QUEER SPOTLIGHT: Arthur G. Brook (Week Four)



{IMAGE DESCRIPTION: A pink-and-orange backdrop. It is surrounded by a white frame. In bold white next at the top left are the words ‘Arthur G. Brook (He/Him).’ Below that is a quote written in white font: “Authentic representation is critically important.’ To the right is a photograph of Arthur G. Brook- a Caucasian male with wavy dark hair. He wears a black turtleneck, purple vest. On his forehead is a ‘Ace’ card.}


Meet Penny & Pound performer, Arthur G. Brook (He/Him!) Arthur has taken the Penny & Pound stage by a storm, having portrayed such roles as Laurie in LITTLE WOMEN (2021), Wadsworth in CLUE: ON STAGE (2022) and originating the role of Charles Dodgson in the new musical, CURIOUSER (2021 and 2022.)


TELL US ABOUT YOURSELF

My name is Arthur G. Brook, though a lot of my friends will know me for my middle name, Grant. I’m 23 years old, and have been acting for twelve years now. In the queer community, I fall in the asexuality spectrum (the “A” in the acronym) meaning I experience very little to no sexual or romantic attraction. I’ve been with P&P since 2020, and will be reprising my role as Charles Dodgson in Curiouser in a few short weeks!


I’m also a fan of sour watermelon gummies. I feel that may not be exactly what was expected when answering this question, but I still believe it’s relevant information.


WHEN DID YOU FIRST FALL IN LOVE WITH THE ARTS?

I fell in love with the arts at a very young age. My first speaking role was Chip in Beauty and the Beast, and it didn’t take long after that for me to foster a love for performing. I continued growing that love all throughout high school and college, and it’s never wavered once in the last twelve years. It’s want to do for the rest of my life, and I am certain I will have a theatrically involved job in some way in my future, be it on stage or behind the scenes.


AS A QUEER ARTIST, WHAT HAS BEEN THE MOST IMPORTANT THING YOU’VE LEARNED?

Embrace your individuality, and know that you are not broken for how you feel (or don’t feel). I’ve lost friends who told me that I was broken when I told them I didn’t experience attraction the same way they did. You’re worthy of respect, and so much of it will need to come from within.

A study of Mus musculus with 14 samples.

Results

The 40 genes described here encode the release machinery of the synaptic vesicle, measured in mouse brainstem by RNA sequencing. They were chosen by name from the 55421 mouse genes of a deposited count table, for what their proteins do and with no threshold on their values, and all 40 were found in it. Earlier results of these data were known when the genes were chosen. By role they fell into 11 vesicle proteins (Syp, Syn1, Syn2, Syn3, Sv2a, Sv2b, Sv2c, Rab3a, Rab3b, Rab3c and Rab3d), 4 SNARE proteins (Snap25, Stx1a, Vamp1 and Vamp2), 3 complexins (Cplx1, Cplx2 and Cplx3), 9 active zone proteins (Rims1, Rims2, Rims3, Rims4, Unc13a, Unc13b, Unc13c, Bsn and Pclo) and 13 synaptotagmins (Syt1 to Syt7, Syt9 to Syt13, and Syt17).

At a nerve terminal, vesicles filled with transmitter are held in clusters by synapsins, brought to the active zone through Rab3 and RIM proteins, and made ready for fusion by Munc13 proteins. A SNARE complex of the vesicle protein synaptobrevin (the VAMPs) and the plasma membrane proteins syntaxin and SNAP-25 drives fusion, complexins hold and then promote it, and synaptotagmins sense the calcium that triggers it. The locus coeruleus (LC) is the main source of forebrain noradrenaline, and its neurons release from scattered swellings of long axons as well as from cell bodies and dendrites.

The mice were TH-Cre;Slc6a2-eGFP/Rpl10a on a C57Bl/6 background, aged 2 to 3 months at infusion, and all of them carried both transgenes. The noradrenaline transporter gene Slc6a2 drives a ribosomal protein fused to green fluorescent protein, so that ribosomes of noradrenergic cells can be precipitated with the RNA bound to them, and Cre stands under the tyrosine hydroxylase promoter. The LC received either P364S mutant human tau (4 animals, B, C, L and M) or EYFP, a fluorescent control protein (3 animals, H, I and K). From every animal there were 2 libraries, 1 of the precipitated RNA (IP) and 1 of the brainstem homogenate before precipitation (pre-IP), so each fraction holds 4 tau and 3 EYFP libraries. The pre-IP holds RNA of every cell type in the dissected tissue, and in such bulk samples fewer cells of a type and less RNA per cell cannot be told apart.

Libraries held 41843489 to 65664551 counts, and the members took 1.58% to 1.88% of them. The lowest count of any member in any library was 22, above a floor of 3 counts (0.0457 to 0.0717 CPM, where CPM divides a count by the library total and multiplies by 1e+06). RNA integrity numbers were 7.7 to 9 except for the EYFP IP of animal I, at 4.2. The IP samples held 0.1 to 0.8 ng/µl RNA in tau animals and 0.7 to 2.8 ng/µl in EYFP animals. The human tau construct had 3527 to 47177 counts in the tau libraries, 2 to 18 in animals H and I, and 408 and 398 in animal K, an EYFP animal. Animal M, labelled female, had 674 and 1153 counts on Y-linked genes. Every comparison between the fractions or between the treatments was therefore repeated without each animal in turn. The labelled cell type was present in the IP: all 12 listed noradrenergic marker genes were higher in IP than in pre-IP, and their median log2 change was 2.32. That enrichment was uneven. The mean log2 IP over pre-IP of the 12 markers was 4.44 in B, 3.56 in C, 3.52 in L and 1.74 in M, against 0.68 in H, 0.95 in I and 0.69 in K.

As well, there’s nothing wrong with experimenting with yourself or doing some self-work. In the last two years, I learned more about myself than in the last ten. Self discovery never stops, and every day you learn something new about yourself is a good day.


HOW CAN THE ARTS COMMUNITY BETTER SUPPORT AND REPRESENT THE 2SLGBTQIA+ COMMUNITY?

Get more compassionate and loving voices into positions of power to help drive change. Hate and prejudice should *never* have a place in theatre, and the easiest way to root it out is to drive change forwards.


As well, get more queer writers and queer stories greenlit. People in the community will better represent the community nine times out of ten, and authentic representation is critically important.


WHAT IS YOUR FAVOURITE PLAY, MUSICAL OR BOOK THAT BEST REPRESENTS THE 2SLGBTQIA+ COMMUNITY?

My true answer to this is a bit of a cop-out honestly. Most of my favourite bits of representation have come from places when it was never made explicitly clear by the creators (though there are exceptions I will list below). I find a lot of representation either gets watered down to the point where it’s insignificant, or paraded and virtue-signalled so much that the actual plot and character development falls to the wayside. I personally enjoy it when it’s just *there,* no fanfare or needed justification. In that case, books like “They Both Die In The End” by Adam Silvera and “The Song of Achilles” by Madeline Miller are both excellent for gay representation, as is the television show “Schitt’s Creek.” In terms of Asexuality, the character Todd from the Netflix series “Bojack Horseman” is a personal favourite of mine, and was the first time I’ve really noticed asexuality done right on screen (in my opinion, of course).


WHAT ADVICE WOULD YOU GIVE TO OTHER YOUNG PERFORMERS?

Find strategies that work for you when developing your character. Put an emotion to every line and sentence you say on stage. Choose an animal that your character would be, or keep as a pet. Read your script at least once a day along with regular rehearsals in order to memorize your lines. But above all else? Have fun. Theatre can be stressful, but there should always be at least a touch of enjoyment underneath it all. If you aren’t having fun, what’s the point?


WHAT’S NEXT FOR YOU?

Truthfully, I’m not sure. The long answer is more performances, more opportunities to learn about myself, and working every day to make the days ahead even better than the days before.

The short answer is a cold drink and a long nap. I am not a fan of the heat, and am very much looking forwards to the Autumn cool-down.